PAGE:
Phone: (925) 687-9961

Clubhouse: (925) 825-0250


Winter Rodent Activity

Winter Rodent Activity

We have been receiving reports of increase mice and rat activity throughout the community. This recent surge in rodent activity is not unique to just CHOA – Contra Costa County also confirmed that it is currently noticing a big increase in the number of requests it’s getting for rat and mouse service.

Per the County’s Mosquito and Vector Control District, an increase in rodent activity around the start of fall makes sense as it’s that time of year when temperatures get cooler and rats and mice would rather be inside where it’s warm and dry than outside where it’s cool and sometimes rainy.

The county has the following recommendations for making your property less attractive to rodents:

Remove places where rats and mice can find shelter outside

  • Remove dense shrubbery.
  • Trim any climbing vegetation at least four feet from your home’s roof and walls.
  • Store wood and lumber piles at least 18 inches above the ground and at least 12 inches away from any structure.
  • Install wire mesh around the bottom of outdoor structures including sheds and make sure shed doors are completely closed at night.

Remove potential food or water sources for rats and mice

  • Harvest fruit and nuts as they ripen.
  • Pick up fallen fruit and nuts daily.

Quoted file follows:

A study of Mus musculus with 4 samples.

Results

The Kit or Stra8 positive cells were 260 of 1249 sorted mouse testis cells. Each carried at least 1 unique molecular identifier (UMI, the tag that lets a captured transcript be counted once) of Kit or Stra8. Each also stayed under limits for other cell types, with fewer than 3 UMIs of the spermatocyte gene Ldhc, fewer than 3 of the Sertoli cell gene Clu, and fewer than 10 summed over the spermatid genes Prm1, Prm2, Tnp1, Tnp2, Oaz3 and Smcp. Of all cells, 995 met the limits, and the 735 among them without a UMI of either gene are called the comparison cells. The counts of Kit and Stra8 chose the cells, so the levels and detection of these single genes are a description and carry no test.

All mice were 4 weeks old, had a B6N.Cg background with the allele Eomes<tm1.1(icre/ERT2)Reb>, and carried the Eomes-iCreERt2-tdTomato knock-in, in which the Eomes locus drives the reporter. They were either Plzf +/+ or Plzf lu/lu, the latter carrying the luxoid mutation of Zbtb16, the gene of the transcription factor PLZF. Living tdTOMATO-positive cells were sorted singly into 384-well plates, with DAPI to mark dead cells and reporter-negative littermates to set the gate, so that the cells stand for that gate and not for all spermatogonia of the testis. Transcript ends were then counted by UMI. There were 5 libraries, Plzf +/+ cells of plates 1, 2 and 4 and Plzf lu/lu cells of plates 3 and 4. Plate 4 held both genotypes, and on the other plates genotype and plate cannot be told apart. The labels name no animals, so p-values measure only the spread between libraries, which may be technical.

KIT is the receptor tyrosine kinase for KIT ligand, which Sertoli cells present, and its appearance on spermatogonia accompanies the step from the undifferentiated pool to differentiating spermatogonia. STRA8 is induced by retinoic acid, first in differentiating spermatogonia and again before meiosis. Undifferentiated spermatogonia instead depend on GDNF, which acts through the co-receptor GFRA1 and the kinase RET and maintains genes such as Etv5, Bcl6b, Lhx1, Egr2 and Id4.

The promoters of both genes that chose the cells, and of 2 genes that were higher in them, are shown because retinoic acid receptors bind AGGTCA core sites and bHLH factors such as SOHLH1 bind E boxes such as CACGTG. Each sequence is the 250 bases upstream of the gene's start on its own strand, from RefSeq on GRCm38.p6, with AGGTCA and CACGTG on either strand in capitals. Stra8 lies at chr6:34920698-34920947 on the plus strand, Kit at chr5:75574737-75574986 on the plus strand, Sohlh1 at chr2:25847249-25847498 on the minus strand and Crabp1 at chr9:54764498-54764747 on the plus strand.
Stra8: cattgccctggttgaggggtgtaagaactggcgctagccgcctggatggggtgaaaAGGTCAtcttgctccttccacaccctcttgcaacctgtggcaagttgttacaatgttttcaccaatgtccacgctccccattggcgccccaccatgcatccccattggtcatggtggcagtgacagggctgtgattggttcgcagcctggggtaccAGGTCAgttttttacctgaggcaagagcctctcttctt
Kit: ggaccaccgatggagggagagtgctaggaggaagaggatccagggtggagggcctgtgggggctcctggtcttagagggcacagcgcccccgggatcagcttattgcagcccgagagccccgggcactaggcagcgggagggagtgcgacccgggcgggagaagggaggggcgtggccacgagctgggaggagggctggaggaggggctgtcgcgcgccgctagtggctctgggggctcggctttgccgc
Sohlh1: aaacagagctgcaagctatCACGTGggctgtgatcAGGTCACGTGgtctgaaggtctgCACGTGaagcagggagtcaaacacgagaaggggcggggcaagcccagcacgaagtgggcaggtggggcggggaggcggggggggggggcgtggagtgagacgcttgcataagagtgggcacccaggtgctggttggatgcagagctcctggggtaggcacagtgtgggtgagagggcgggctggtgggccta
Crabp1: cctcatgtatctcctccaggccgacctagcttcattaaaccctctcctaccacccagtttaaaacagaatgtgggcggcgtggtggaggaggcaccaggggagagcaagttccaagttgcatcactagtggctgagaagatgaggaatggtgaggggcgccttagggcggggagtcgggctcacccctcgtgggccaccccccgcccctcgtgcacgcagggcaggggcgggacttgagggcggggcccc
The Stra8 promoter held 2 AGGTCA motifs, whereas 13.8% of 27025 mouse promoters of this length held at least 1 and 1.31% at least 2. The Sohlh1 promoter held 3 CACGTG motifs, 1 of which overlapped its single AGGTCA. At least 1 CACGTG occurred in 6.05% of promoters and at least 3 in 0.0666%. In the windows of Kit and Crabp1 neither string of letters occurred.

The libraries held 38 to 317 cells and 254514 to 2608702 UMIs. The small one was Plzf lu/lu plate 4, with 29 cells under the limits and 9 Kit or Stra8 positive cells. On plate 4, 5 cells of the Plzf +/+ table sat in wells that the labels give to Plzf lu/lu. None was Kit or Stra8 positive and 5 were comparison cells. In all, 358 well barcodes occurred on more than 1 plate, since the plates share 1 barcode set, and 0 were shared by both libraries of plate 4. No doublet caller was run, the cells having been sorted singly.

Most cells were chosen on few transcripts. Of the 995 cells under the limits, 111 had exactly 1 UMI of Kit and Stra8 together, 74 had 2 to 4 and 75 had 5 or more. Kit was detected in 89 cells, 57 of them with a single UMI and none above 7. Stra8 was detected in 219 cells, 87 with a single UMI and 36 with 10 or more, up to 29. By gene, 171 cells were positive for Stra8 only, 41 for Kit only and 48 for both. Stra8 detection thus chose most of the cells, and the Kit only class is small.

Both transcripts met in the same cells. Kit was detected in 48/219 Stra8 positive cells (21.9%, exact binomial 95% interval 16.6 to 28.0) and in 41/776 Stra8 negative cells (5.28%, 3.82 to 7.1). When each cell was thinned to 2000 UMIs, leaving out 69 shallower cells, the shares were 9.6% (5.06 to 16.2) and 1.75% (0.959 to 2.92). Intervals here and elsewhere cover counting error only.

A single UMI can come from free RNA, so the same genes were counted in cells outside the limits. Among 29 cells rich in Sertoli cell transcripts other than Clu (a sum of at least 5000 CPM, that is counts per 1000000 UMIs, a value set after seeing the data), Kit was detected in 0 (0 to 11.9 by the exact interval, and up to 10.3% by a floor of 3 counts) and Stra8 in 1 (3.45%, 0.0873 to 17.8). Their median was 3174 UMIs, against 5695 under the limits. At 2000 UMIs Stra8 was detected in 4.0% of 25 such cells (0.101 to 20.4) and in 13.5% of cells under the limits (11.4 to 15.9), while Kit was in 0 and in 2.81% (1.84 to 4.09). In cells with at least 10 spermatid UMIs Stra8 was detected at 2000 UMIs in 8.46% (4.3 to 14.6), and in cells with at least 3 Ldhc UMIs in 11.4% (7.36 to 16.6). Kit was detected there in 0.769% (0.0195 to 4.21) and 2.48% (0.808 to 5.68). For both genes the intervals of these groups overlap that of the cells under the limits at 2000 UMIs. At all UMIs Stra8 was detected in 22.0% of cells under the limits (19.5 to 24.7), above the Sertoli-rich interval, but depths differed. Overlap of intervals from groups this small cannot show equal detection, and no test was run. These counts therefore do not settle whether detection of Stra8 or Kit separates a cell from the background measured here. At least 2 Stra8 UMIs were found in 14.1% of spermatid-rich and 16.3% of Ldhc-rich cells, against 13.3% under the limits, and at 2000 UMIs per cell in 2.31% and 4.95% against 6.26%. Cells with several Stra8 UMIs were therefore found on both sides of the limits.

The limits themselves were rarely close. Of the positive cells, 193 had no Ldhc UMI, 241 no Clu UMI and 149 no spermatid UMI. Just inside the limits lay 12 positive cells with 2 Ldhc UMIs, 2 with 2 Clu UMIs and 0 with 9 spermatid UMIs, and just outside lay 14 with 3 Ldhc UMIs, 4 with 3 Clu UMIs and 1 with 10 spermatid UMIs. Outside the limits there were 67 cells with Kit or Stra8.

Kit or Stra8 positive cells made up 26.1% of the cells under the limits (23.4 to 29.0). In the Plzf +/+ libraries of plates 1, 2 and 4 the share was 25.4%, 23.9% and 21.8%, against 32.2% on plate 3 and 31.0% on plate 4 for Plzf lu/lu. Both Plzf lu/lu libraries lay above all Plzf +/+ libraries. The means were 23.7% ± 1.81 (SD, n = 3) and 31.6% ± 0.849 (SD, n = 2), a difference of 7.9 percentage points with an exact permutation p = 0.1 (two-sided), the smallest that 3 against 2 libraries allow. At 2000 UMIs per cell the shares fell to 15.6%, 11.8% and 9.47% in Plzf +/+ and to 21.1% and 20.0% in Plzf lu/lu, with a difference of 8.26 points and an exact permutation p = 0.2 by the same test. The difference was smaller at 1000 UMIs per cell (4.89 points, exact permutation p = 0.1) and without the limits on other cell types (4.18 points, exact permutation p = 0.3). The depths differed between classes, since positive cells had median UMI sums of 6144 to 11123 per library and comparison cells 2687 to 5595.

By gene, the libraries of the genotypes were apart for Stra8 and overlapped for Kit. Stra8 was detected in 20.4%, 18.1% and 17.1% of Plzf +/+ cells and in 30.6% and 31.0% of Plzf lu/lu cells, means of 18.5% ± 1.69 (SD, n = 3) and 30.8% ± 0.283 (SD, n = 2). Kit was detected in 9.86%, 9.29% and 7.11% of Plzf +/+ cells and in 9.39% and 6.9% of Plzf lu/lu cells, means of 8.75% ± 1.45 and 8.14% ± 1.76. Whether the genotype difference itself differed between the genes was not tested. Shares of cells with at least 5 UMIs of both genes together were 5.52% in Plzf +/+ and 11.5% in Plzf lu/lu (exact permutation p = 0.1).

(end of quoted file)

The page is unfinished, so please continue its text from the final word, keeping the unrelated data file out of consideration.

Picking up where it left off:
• Bring in pet food and water bowls at night.
  • Place a tarp under bird feeders to remove fallen bird seed each night.

The Mosquito and Vector Control District public health service involves inspection and advice regarding rodent activity. County residents can request service by phone at 925-685-9301 or online at During the rat and mouse service, the District employee will:

  • Inspect the exterior of the property looking for potential food or shelter opportunities for rats and mice
  • Look for evidence of rats or mice including droppings, nesting materials, rub marks, and evidence of gnawing
  • Look for evidence of damaged vent screens and other openings, where a rat or mouse could easily gain access to a home’s interior
  • While District employees do not inspect the interior of the home, the employee will inspect the garage as long as the garage door is open.
  • The employee will look for the same evidence types listed above.
  • While inspecting the garage, the District employee will also look for pet food, grass seed, and other items commonly kept in a garage that should be stored carefully to prevent access by a rat or mouse.

Following the inspection, the District employee will make recommendations on what the resident should do to reduce the risk of rats and mice on their specific property. The recommendations are written down and provided to the resident.